COMPUTING

Software Piracy in South Africa Shows Slight Increase

Software piracy on personal computers (PCs) in SA rose marginally from 34% to 35% between 2007 and last year, resulting in a R3,1bn loss for the industry, an annual global PC software piracy study released by the Business Software Alliance (BSA) yesterday shows.

The study, which was conducted by IT market research firm International Data Corporation , covered 110 countries. BSA president and CEO Robert Holleyman said last week that software piracy affected almost everyone.

"For every dollar of software that is sold, another three to four dollars is paid to local IT service firms, the people who install and service your computers at work. Software piracy means fewer jobs in the IT industry and that is terrible news in the current economy."

The rate for software piracy in SA had been reducing slightly since 2004, when it peaked at 37%.

Marcel Warmerdam, the Industrial Development Corporation's associate vice-president of IT markets, said one of the reasons for the increase in software piracy was the growth of the PC market. Close to 2-million PCs were sold in South Africa last year.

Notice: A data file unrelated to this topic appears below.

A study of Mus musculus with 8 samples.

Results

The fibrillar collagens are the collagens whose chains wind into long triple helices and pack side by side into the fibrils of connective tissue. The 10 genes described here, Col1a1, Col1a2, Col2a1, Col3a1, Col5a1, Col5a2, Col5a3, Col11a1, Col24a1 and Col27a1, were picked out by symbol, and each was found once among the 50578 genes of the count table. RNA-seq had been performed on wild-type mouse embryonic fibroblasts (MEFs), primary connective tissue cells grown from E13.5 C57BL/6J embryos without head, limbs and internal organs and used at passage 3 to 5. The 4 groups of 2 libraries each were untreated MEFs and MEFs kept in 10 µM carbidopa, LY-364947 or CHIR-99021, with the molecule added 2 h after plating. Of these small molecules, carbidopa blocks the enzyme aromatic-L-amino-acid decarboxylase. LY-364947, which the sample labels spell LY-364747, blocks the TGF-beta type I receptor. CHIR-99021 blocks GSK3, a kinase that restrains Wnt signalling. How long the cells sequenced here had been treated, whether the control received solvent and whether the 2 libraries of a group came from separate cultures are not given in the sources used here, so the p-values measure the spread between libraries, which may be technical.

"If the PC market is growing, there is a platform for pirated software. There is a continued penetration of PCs in households," he said. In the Middle East and Africa region, the countries with the most piracy were Zimbabwe at 92%, Yemen at 89%, and Libya at 87%. SA had one of the lowest levels of piracy, close to Israel at 32% and the United Arab Emirates at 36%.

"This report demonstrates that we have more work to do in SA to further reduce software piracy. In these uncertain economic times it is vital that companies do not cut corners and use unlicensed software, as this would increase the detrimental impact on businesses and consumers, as well as the local and global economy," said BSA South African committee chairman Alastair de Wet.

The study found that individuals were more active than businesses in replacing software on older computers, often replacing pirated software with new pirated software. "In general, the piracy rate is higher for software shipped to older computers," it said.

The study found that piracy levels dropped or were flat in central and Eastern Europe, the Middle East and Africa, North America, Latin America, and Western Europe. It went up in the Asia-Pacific region because of the emerging market growth.

"In Asia, for instance, shipments of PCs to China and India outpaced shipments to Japan and Australia by 29 million units, and the installed base grew 25% , compared to 6% for Japan and Australia."